Successfully Analyze your Digital Marketing Efforts
The search for the “right” media channel gets more complicated as more and more new options arrive daily.
If you have a budget like Marvel Comics, and you want to spend between $450,000 – $750,000 per day on a Snap filter, then that’s certainly one option. BUT, if you are like the rest of us whose budgets aren’t that deep, you have to be more strategic and selective.
The usual tools in the digital toolbox include, but are not limited to: paid search, organic social, social advertising, SEO, email, and content marketing.
Which are the best for you and your budget? And more importantly – which are effective?
There are a lot of people that choose their deliverables prior to landing on a strategy. If your goal is simply branding, then there are tools and tactics for that; however, if you’re like me and you want more leads, then it will take a more strategic approach.
This is where digital tactics come to play. Without a doubt, digital tactics make it very easy to spend all your money, but often it can leave you scratching your head on whether or not any of it worked. The metrics for success that providers deliver seem impressive, but at the end of the day: it’s all about results.
It’s easy to get lost in all of the reports, statistics, and percentages – and that can result in the lack of any sort of interpretation of what actually happened. In order to navigate through the information (to find what’s really effective) you have to break down all the silos of information.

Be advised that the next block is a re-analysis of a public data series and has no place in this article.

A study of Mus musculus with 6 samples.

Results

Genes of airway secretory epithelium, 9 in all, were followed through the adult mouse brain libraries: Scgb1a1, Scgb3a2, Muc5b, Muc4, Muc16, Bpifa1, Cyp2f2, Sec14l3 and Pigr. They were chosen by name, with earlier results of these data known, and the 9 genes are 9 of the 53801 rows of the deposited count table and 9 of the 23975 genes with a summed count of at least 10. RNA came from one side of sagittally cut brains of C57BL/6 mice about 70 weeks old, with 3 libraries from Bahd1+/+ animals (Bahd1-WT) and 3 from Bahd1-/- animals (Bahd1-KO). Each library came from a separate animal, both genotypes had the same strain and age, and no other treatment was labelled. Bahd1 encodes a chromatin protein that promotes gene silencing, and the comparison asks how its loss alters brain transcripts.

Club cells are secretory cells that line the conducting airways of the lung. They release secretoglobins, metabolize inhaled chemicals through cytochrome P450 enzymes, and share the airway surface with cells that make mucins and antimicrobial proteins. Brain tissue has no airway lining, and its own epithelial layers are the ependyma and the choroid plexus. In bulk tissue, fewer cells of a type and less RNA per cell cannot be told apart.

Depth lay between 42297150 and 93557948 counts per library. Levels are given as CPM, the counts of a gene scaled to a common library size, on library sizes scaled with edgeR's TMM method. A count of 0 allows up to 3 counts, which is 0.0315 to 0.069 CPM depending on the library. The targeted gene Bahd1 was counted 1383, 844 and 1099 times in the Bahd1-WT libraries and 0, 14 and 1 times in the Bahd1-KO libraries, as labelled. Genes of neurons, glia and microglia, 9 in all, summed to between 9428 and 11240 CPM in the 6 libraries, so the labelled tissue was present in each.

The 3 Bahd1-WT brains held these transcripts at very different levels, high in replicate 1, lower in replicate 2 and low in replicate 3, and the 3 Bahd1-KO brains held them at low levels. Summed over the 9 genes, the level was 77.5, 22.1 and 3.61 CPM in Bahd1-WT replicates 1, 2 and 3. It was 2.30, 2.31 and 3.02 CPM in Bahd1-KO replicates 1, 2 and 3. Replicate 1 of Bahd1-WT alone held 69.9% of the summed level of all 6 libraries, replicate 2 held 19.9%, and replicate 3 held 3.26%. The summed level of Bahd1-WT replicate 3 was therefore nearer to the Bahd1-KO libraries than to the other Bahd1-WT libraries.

A report by itself is one thing, but when you combine it against all the other sources of information, you get an entire story.
Here’s a good example of what I’m talking about:
Running a Google Adwords campaign and only looking at campaign performance metrics isn’t going to reveal the overall success or failure of your digital marketing efforts – certainly not to a degree to which you can refine your efforts for the future.
You have to look at the analytics. For example, the combination of Adwords reporting and Google Analytics will give you important insight regarding the keywords you’re using in your campaign. Not only will you know which keywords are effective, you’ll also learn what happens after the keywords feed traffic to your site.
Then it’s important to understand which other channels help send traffic to your site. Sometimes channels like paid search may take last click attribution but also may have been assisted by other channels. These channels are, in most cases, equally as important as the channel someone clicked on last to reach your site. You can identify your assisting channels through analyzing different attribution models.
But you’re still not done – when you start interpreting those analytics you have to take it a step further and compare that information to your CRM to see which channels affected lead flow and actual sales. Impressions and reach are great, but they’re only vanity metrics compared to the knowledge of what’s actually leading to sales.
In my career, I have found a lot of marketing strategies are the result of simple math. The math always determines where we go and how our money is spent. We have to reach beyond what’s easy to report on and look at what’s actually affecting the bottom line.
The digital world has accountability. There are breadcrumbs of data to analyze in any and every campaign. Follow this data to determine whether or not you are on the right path.